Flight 93 and Shanksville, PA: The Forgotten Part of 9/11

Scott Goldsmith—Aurora for TIME
Scott Goldsmith—Aurora for TIME
Parking attendants prepare to guide visitors attending the 10-year-anniversary ceremony of the United Flight 93 crash in Shanksville, Pa., Sept. 11, 2011.

On the afternoon of September 11, Pittsburgh-based photographer Scott Goldsmith was one of first journalists allowed to view the crash site of United Flight 93, which had been 20 minutes away from its target, Washington D.C., when passengers and crew fought the terrorists, bringing the plane on a field near the small farming town of Shanksville, Pa. “The fire had been so severe there was no aircraft left,” says Goldsmith, describing the  crash site as it looked just hours after impact. “By the time we got there, there wasn’t even any smoke. Just eight or nine men in white protective suits moving around a crater, with a line of trees behind them, burnt black.”

Goldsmith continued working until Governor Tom Ridge’s press conference at sunset, returning home in time to catch Federal Express and dispatch the film to US News & World Report.

But the sense of what had happened at Shanksville lingered. As the media focused on the Twin Towers and the Pentagon, “I felt Shanksville was forgotten,” says Goldsmith.

So he kept returning to document the town: the tourists, the government officials, the FBI and other technicians conducting the investigation. He’s made the trip about twice a year, for ten years, getting to know many of Shanksville’s 250 residents. “The town just grew and grew on me. And working there helped me deal with the event,” says Goldsmith, who is turning the project into a book. “Shanksville is something meaningful to me. And those sort of stories are far and few between when you’re trying to make a living in this business.”

Goldsmith, who has covered everything from the campaign trail to shale drilling, says this was the first story he immersed himself in at such length. As he pursued it, his budding relationships with the locals allowed him to meet a man who witnessed the plane smashing into the earth, and hear how he wasn’t able to leave his house for two weeks. He got to see how the scene continued to unfold, “people would come up to me with a handful of shredded cloth that looked like it may have been plane seats,” says Goldsmith “and say, ‘look what I found in my field.'” And he was let into areas that were supposed to be off-limits. “Wally Miller, who owns a funeral parlor, and helped a lot of the families of the victims, took me back behind police lines,” says Goldsmith, “and let me photograph trees near the site.”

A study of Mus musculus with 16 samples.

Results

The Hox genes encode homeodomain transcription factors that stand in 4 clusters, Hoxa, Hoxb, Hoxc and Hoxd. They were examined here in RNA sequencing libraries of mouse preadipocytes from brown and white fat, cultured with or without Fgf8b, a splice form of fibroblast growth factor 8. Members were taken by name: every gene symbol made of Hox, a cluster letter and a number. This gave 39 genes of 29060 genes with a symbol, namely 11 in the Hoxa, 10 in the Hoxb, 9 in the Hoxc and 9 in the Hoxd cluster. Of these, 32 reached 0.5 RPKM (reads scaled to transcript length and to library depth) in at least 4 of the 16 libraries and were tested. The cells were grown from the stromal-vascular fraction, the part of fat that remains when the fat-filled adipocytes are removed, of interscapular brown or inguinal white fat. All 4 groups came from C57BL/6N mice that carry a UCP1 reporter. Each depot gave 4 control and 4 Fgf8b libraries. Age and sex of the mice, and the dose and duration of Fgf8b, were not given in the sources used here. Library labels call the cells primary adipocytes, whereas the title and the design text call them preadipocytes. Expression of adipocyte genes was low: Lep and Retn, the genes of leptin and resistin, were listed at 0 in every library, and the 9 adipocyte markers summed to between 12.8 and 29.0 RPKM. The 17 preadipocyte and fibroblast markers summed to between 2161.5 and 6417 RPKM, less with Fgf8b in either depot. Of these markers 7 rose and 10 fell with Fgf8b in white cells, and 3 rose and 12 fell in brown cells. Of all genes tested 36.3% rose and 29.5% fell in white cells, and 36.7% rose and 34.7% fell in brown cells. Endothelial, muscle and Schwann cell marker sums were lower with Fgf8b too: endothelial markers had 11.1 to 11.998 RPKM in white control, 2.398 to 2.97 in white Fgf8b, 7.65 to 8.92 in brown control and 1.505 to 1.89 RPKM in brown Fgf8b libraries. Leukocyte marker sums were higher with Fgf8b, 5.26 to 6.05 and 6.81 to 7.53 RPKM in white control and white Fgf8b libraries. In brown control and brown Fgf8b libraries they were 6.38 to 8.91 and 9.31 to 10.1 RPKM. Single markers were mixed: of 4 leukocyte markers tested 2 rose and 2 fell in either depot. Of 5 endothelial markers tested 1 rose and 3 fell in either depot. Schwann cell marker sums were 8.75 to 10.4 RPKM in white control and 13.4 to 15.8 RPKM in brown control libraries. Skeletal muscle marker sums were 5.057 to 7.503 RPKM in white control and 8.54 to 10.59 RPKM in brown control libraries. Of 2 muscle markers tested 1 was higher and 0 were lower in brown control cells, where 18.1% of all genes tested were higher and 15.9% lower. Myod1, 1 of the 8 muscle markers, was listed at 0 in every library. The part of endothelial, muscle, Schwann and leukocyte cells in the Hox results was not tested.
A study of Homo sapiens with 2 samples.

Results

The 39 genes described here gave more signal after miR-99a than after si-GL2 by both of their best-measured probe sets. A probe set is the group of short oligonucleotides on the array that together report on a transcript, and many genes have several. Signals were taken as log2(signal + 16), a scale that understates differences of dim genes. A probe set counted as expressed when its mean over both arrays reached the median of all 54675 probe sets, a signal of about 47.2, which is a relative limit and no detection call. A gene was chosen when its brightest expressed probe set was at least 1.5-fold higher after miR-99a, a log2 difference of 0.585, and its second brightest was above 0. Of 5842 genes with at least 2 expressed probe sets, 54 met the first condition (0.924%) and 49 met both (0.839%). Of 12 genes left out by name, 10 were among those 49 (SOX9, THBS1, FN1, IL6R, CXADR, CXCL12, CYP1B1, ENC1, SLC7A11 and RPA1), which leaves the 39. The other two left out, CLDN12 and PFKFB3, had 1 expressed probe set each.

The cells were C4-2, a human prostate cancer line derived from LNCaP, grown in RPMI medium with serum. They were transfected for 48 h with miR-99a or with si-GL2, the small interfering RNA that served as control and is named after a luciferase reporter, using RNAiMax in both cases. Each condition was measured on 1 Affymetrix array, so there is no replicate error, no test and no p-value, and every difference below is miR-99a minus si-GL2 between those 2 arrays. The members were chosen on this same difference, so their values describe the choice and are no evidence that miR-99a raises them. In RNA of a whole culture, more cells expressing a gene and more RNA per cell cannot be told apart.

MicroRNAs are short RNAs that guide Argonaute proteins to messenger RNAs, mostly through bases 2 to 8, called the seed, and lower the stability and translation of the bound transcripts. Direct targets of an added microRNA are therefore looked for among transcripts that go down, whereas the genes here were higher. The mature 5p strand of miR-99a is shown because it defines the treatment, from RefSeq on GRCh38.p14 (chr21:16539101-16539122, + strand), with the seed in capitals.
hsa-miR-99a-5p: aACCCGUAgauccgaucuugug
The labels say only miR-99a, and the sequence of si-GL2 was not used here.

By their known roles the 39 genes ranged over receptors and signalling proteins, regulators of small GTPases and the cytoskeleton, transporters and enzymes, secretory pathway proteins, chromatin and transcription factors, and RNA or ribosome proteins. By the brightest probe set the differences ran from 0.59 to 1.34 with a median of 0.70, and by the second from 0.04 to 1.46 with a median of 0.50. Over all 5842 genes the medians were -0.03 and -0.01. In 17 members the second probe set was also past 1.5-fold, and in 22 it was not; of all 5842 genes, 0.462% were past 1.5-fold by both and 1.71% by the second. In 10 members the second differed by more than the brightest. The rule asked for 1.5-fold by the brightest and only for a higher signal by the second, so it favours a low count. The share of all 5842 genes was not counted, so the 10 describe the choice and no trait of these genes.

For the most part, Goldsmith has had the story to himself. “It’s not like Ground Zero where no matter what time of day you go,” says Goldsmith, “someone is always there.”

That may soon change, as the National Park Service works on a memorial, with the first phase of construction completed on the 10th anniversary. Incorporating groves of trees, and a 93 ft. tower with 40 wind chimes, the park is designed to represent the passengers and crew who, as Elizabeth Kemmerer, whose mother was on board, said to the 9/11 Commission, “fought a battle at 35,000 ft., in an aisle no wider than 3 ft.”

As work on the park goes on, the thousands of people who visit the area over the last 10 years have set up their own tributes—writing messages of gratitude on guard rails, and leaving flags, jewelry, even Purple Hearts near the site. They were there when Goldsmith returned to gauge reaction to the killing of Osama bin Laden. There weren’t jubilant celebrations like the ones that erupted in Washington and New York. Rather there was a muted sense of relief. “They don’t want to be in the limelight,” says Goldsmith. “That’s why they chose to live there. But all of a sudden, they became part of our history.”

To see more of Goldsmith’s work, click here.

To visit TIME’s Beyond 9/11: A Portrait of Resilience, a project that chronicles 9/11 and its aftermath, click here.